Thrybergh Country Park honours those affected by COVID-19

The park has been transformed into a living memorial.
Hope Fields at Thrybergh Country Park Credit: RMBCEvents

A living memorial to honour both the victims of COVID-19 and those who fought the virus, has been unveiled online.

Hope Fields, which overlooks the lake at Thrybergh Country Park, has been created in consultation with communities from across the borough as a tribute not only to people who have lost their lives, but also to those who are part of the emergency response and recovery effort - from key workers to volunteers and communities.

Volunteer working on the memorial park Credit: RMBCEvents

The sympathetic transformation of the site has been designed to ensure the existing biodiversity is protected and enhanced.  The focal point is an original installation created by local artist, sculptor, and stonemason Dan Jones, to sit at the top of Hope Fields, overlooking Thrybergh lake.

Sculpture at Hope Fields Credit: RMBCEvents

Rotherham Council say they talked to a range of people – including bereaved families, key workers, faith leaders and local residents – to ensure the garden will provide a much-needed calm and contemplative space.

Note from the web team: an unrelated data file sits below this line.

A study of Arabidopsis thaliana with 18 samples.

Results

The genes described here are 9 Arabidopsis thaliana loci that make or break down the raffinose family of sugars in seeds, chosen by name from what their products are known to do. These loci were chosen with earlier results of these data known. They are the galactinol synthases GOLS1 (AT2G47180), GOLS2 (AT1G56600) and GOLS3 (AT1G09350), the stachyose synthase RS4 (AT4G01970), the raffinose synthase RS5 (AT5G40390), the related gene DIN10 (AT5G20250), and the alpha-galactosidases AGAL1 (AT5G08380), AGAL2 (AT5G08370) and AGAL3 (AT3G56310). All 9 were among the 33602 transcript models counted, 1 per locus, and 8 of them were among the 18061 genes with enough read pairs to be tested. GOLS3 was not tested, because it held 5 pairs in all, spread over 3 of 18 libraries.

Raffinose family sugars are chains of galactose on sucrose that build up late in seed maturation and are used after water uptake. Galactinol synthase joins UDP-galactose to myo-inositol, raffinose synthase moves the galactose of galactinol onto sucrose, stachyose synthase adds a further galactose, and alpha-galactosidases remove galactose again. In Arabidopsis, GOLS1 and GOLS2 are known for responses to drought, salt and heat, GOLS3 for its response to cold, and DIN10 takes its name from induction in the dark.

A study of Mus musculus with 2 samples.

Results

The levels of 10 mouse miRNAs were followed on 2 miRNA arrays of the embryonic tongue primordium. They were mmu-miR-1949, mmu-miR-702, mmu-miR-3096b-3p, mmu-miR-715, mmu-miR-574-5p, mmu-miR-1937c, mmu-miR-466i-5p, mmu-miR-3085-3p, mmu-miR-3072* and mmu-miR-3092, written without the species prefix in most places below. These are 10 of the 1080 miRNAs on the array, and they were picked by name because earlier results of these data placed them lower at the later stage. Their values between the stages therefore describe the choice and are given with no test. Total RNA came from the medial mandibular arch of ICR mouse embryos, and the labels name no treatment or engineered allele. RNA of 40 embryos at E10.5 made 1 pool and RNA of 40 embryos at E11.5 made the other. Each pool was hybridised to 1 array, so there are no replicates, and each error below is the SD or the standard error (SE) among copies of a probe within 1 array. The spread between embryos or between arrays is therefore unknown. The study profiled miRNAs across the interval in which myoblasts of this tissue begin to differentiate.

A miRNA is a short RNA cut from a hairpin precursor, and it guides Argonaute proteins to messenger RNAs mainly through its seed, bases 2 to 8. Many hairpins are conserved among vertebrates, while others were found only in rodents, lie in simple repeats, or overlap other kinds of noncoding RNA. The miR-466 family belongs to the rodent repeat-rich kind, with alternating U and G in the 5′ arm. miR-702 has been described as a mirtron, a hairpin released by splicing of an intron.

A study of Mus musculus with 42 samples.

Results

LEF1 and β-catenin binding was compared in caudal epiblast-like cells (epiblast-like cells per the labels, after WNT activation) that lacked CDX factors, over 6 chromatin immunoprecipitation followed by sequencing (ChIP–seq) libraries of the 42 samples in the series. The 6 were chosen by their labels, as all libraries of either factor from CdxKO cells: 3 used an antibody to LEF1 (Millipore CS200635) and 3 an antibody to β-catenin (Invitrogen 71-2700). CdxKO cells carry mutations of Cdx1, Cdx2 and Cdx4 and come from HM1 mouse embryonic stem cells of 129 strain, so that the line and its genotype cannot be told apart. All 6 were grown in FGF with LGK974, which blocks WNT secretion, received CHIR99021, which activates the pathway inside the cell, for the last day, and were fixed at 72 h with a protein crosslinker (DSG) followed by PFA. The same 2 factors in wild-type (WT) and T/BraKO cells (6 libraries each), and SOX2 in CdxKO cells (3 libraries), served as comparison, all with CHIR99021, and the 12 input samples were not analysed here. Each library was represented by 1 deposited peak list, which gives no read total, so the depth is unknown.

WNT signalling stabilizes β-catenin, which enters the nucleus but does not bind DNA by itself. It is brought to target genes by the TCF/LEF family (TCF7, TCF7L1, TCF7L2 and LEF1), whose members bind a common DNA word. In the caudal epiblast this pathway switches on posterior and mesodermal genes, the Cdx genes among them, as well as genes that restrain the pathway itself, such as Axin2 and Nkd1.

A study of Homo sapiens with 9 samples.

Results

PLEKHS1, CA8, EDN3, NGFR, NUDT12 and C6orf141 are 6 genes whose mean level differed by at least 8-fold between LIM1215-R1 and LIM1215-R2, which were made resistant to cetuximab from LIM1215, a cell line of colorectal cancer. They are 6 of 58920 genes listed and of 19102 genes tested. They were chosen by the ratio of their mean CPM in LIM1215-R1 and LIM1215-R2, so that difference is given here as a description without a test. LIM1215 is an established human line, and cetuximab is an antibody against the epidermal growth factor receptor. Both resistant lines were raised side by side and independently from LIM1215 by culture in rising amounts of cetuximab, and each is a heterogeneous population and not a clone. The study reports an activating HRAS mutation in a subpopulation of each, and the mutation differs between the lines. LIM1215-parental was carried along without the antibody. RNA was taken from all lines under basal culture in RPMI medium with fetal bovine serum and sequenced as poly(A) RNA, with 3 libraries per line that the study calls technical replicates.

Throughout April the beautiful ‘Flock’ art installation, created by Planet Art, will be at Hope Fields. Initially commissioned for Wentworth Woodhouse as part of the WE Great Place programme, the installation is made up of more than 5,000 wooden birds - decorated by local residents and schools - to depict the stories and emotions of life in lockdown.

The Flock art installation Credit: RMBCEvents

Organisers say one of the main aims of Hope Fields is for it to be inclusive for all, and feedback from bereaved families, counselling services and faith leaders has been used to ensure it will be a place that meets peoples different needs.